Nutrition and Health Outcomes
Access to nutritious meals is imperative to children’s health. Poor nutrition is associated with numerous negative health effects, meaning children who live in food insecure households may struggle more with health issues. Under a whole-child approach, we must continually consider children’s health in conversations about child development and early childhood education. CACFP is proven to increase the nutritional quality of meals served at child care settings and contribute to other positive child health outcomes. CACFP supports equitable health outcomes by ensuring children in households with low incomes have access to nutritious foods and positive mealtime experiences.
CACFP childcare centers served nutritious foods more than non-CACFP sites. Childcare centers are in a unique position to provide young children access to nutritional foods. There cannot be a thriving child care environment without food security for the children (Neelon & Briley, 2011).
Directors from CACFP-participating centers have fewer barriers to serving healthy meals, such as cost. Through meal reimbursements, CACFP helps centers raise the quality of their food and provide centers with nutrition training which gives children more access to healthy meals (Zaltz et al., 2020).
CACFP-participating sites provide more nutritious meals than non-CACFP sites, supplying children with more fruits and vegetables as well as less sugary snacks and drinks (Ritche et al., 2012).
Parental care and involvement is affected by economic circumstances and the increase in food insecurity in households with children has an immense impact on the child (Gundersen & Ziliak, 2015).
Neelon, S. E., & Briley, M. E. (2011). Position of the American Dietetic Association: Benchmarks for Nutrition in Child Care. Journal of the American Dietetic Association, 111(4), 607-615.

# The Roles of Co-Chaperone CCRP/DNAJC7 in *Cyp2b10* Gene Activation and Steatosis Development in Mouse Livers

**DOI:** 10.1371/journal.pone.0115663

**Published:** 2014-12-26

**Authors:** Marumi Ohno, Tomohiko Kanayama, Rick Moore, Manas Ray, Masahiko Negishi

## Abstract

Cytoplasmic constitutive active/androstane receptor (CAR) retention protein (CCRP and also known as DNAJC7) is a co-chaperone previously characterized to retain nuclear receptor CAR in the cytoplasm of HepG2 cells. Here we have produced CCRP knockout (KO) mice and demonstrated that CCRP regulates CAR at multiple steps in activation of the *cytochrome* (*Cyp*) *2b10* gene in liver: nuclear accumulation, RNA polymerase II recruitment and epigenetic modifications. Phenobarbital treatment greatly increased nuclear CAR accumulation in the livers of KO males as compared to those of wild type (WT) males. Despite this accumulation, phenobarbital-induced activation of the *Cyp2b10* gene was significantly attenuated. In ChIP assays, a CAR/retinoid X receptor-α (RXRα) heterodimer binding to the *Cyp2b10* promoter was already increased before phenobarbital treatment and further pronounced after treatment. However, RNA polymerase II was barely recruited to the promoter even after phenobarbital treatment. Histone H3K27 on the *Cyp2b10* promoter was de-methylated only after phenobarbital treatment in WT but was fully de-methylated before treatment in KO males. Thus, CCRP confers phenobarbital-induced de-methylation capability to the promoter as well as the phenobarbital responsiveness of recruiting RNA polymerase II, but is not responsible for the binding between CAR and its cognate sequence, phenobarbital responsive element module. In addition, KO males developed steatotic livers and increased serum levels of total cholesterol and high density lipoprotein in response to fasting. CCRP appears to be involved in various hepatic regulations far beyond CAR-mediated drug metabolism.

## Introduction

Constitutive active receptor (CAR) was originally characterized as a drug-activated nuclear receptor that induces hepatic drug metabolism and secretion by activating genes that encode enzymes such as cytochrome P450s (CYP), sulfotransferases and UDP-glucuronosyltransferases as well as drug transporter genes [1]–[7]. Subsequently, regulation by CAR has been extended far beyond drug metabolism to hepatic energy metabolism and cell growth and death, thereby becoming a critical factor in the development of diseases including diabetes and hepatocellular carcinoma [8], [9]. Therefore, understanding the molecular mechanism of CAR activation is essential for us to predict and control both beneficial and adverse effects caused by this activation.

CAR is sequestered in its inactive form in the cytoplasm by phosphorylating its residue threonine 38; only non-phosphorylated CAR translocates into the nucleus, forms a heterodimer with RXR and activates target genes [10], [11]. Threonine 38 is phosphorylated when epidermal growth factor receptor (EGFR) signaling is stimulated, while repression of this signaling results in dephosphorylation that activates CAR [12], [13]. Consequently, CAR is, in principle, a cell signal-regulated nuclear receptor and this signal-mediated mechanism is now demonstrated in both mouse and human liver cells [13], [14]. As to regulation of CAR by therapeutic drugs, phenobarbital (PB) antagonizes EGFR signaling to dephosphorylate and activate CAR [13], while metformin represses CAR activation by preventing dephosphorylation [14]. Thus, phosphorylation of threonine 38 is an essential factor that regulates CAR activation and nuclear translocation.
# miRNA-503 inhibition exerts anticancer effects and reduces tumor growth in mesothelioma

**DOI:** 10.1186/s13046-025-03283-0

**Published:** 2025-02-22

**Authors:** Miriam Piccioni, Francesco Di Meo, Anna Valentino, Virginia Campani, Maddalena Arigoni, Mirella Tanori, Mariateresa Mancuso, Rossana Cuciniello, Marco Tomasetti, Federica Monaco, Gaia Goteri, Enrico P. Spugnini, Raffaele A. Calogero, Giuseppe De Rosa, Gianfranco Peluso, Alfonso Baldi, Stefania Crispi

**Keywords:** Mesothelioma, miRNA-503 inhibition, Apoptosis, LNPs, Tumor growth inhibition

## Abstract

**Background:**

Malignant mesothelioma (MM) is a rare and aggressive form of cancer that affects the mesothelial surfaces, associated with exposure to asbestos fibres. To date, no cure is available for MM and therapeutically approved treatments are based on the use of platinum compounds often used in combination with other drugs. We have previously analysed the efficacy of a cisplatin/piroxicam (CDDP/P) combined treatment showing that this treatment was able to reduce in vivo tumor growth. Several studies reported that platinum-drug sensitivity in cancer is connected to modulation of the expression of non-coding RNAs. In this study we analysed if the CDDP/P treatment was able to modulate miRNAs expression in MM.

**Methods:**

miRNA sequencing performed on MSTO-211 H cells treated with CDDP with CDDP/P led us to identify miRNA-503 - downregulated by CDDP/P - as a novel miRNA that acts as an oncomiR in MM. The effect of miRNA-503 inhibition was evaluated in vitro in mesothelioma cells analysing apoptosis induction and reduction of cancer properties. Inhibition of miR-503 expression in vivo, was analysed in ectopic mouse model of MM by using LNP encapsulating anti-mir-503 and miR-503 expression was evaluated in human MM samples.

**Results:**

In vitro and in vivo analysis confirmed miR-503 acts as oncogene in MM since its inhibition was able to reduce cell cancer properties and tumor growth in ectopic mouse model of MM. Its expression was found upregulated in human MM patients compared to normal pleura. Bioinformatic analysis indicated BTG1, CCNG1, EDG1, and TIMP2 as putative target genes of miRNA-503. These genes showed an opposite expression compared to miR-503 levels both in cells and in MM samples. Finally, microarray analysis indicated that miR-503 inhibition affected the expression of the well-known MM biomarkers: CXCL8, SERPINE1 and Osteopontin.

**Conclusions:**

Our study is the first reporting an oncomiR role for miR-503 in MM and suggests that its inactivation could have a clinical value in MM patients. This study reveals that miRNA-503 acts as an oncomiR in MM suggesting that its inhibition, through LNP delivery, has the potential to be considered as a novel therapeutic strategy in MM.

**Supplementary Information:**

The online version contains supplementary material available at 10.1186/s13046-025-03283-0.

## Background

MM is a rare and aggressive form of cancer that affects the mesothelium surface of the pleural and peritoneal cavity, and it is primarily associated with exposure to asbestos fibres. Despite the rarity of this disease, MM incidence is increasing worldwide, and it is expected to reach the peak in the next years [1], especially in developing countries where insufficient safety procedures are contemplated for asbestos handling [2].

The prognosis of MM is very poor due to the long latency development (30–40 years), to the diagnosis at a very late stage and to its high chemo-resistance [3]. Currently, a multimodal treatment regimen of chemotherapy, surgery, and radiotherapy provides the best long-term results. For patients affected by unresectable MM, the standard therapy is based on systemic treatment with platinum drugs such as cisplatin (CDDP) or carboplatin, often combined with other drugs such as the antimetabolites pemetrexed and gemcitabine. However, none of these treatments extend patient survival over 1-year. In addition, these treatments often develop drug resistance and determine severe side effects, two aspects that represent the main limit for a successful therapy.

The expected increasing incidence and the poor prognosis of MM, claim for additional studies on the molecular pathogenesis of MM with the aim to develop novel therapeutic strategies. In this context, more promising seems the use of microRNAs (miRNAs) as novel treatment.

Zaltz, D. A., Hecht, A. A., Pate, R. R., Neelon, B., O’Neill, J. R., & Benjamin-Neelon, S. E. (2020). Participation in the Child and Adult Care Food Program is associated with fewer barriers to serving healthier foods in early care and education. BMC Public Health, 20, 1-9.
Ritchie, L. D., Boyle, M., Chandran, K., Spector, P., Whaley, S. E., James, P., ... & Crawford, P. (2012). Participation in the child and adult care food program is associated with more nutritious foods and beverages in child care. Childhood Obesity (Formerly Obesity and Weight Management), 8(3), 224-229.
Gundersen, C., & Ziliak, J. P. (2015). Food Insecurity And Health Outcomes. Health affairs (Project Hope), 34(11), 1830–1839. https://doi.org/10.1377/hlthaff.2015.0645
CACFP has been shown to reduce the prevalence of overweight and underweight children at participating centers. This is most likely due to the increased dietary quality of meals served at CACFP-participating centers. CACFP may also help children develop healthier eating habits (Korenman, 2013).
Children that receive CACFP meals are shown to be ill for less days than children at non-CACFP centers, indicating that access to healthy meals may play a role in immune response. Children at CACFP centers are also fed higher amounts of Vitamin A, riboflavin, and calcium than children who eat food brought from home (Bruening et al., 1999).
CACFP boosts children’s healthy eating habits by providing a greater number of supportive nutrition practices at CACFP-participating centers as compared to non-participating centers. A supportive nutrition environment promotes a healthy weight in children, contributing to better physical health (Liu et al., 2016).
Korenman, S., Abner, K. S., Kaestner, R., & Gordon, R. A. (2013). The Child and Adult Care Food Program and the nutrition of preschoolers. Early Childhood Research Quarterly, 28(2), 325-336.
Bruening, K. S., Gilbride, J. A., Passannante, M. R., & McCLOWRY, S. A. N. D. R. A. (1999). Dietary intake and health outcomes among young children attending 2 urban day-care centers. Journal of the American Dietetic Association, 99(12), 1529-1535.
Liu, S. T., Graffagino, C. L., Leser, K. A., Trombetta, A. L., & Pirie, P. L. (2016). Obesity prevention practices and policies in child care settings enrolled and not enrolled in the Child and Adult Care Food Program. Maternal and Child Health j=Journal, 20(9), 1933-1939.